Drug claim getting Pounded

LANCE HORNBY -- Toronto Sun

, Last Updated: 12:50 PM ET

RALEIGH, N.C. -- The Maple Leafs can't swear their National Hockey League brethren are all clean as a whistle when it comes to performance-enhancing drugs.

But they were shocked and insulted to hear World Anti-Doping Agency chairman Dick Pound claim that one-third of their number are on some form of banned substances.

"I can't say anything's 100% clean because, in life, that just doesn't happen," defenceman Ken Klee said yesterday. "But do I think it's 30%? Definitely not. I've played with a lot of guys (in 11 NHL seasons) and maybe a couple of them I'd even consider to be involved in that sort of thing.

"It's ridiculous to come out with a statement that 30% of athletes are on drugs. My kids can read that. I don't think he can name five players he has met personally."

An American, Klee wondered if the Canadian-born Pound was running for the Canadian equivalent of the U.S. Congress and trying to use NHL players to score political points.

When he was asked whether the league can say it is problem-free, Tie Domi pointed to unpublished testing by the NHL Players' Association two years ago.

"We had testing done just to see where we stand," Domi said, referring to a drug test of all NHLers. "I don't think there was a handful of guys (actually less than 1%, according to sources) out of 750 players, so that says a lot about our sport. And who knows if those guys were (actually in violation)?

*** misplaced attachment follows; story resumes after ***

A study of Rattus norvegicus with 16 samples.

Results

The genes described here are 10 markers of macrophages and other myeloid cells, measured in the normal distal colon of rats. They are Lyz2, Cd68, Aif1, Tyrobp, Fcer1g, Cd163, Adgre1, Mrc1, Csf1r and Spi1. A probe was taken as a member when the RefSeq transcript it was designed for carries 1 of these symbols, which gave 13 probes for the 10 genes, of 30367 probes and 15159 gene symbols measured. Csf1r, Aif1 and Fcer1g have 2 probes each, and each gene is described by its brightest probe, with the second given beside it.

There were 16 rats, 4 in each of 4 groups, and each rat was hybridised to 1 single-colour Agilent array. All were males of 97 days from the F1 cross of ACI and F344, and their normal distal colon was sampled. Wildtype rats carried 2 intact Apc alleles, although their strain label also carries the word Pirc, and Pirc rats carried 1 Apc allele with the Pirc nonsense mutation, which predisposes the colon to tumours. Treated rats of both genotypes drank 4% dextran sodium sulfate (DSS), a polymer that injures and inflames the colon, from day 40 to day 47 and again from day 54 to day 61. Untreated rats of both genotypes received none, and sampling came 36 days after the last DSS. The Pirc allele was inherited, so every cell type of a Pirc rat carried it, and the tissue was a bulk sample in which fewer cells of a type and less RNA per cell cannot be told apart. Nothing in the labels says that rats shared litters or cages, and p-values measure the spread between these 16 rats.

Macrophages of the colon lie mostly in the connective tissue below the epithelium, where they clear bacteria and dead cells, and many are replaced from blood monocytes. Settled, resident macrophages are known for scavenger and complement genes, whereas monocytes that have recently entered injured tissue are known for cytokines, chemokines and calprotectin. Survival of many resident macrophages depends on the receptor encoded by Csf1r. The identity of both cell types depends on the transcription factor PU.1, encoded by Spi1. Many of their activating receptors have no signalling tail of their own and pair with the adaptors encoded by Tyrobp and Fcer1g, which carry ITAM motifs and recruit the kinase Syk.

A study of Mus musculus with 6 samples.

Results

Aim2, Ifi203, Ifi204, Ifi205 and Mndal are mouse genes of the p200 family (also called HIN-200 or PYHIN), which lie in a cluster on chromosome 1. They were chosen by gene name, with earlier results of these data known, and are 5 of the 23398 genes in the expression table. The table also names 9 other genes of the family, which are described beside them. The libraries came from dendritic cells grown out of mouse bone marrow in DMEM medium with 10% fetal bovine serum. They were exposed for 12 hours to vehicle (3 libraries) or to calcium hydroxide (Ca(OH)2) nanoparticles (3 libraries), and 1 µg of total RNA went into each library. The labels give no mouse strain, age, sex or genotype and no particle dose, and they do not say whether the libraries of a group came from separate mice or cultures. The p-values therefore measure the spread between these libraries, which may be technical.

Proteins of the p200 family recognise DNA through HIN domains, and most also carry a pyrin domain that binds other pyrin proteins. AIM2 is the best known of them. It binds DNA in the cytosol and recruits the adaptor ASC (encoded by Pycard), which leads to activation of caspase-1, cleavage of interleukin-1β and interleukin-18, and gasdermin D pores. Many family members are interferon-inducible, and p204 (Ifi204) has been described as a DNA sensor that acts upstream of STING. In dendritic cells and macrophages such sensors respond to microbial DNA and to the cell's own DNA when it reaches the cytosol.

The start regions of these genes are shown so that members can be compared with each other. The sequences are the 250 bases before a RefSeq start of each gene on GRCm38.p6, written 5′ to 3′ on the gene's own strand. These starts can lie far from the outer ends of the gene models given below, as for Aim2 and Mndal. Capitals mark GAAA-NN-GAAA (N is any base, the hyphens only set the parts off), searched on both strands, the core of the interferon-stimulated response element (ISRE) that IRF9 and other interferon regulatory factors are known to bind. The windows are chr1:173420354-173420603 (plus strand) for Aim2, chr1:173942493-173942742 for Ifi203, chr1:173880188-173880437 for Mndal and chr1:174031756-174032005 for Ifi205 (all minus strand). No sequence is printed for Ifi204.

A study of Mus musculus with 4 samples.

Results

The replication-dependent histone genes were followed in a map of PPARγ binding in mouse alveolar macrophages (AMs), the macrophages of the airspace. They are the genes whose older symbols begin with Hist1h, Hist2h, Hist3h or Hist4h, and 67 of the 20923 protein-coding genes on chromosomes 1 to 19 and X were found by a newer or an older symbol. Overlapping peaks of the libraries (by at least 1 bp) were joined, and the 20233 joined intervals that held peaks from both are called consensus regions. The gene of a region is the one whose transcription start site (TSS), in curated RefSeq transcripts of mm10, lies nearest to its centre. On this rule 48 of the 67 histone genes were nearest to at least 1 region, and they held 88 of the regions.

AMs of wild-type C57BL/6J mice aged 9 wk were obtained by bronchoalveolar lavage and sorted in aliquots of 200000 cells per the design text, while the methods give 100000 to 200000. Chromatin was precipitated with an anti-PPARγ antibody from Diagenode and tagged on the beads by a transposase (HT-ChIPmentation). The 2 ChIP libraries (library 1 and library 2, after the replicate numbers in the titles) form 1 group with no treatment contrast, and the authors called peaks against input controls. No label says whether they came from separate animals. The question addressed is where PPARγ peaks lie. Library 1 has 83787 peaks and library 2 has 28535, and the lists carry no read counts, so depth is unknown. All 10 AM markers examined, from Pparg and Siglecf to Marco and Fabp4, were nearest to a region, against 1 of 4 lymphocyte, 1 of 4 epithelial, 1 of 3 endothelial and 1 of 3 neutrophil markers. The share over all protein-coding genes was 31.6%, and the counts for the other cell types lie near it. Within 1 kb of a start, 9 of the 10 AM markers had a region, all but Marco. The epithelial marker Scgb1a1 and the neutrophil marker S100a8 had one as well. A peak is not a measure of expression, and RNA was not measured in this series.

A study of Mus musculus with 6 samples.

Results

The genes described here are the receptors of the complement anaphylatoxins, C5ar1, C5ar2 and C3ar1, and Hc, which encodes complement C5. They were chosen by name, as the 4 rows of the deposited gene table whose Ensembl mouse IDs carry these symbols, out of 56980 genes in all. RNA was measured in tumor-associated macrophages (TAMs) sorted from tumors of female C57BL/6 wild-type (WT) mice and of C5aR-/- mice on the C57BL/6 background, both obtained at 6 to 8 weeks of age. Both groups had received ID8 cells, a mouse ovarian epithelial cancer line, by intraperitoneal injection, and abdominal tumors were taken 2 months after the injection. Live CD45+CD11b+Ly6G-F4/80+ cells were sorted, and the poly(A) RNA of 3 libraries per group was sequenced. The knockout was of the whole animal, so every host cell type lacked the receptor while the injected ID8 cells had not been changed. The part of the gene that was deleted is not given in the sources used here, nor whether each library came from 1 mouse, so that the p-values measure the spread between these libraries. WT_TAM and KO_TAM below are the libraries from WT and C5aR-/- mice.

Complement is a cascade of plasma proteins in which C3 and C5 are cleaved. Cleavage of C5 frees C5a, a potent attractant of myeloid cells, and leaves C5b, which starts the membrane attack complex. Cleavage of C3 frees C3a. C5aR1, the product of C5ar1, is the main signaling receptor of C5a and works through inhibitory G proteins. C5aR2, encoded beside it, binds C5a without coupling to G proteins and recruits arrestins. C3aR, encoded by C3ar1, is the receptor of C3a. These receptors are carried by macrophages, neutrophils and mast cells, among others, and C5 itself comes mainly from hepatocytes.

"So, Dick Pound should keep his comments to himself. For a guy who knows nothing about our sport, who comes from one of the dirtiest of sports (Olympic events), he is trying to drag everyone else's sport down, especially ours. We just came back (from a year-long lockout) and we don't need negative press."

Leafs coach Pat Quinn pointed out that random testing is part of the new collective bargaining agreement. Players can be tested twice yearly without warning, with a first-time offender getting a 20-game suspension, a repeat offender hit with a 60-game sentence and a lifetime ban on the third strike.

"Quite frankly, I don't know where (Pound's) opinion comes from," Quinn said. "As fars as I know, (one third) is a pretty wild guess. I have no first-hand knowledge of anything of that (drug) nature."

Mats Sundin has endured many forms of drug testing skating for Sweden at the world championships and Olympics.

"I've been around 15 years and have not seen or heard of any player taking any drug that was supposed to (enhance) their performance," Sundin said. "Who knows what's out there, but I have a tough time believing those numbers are correct."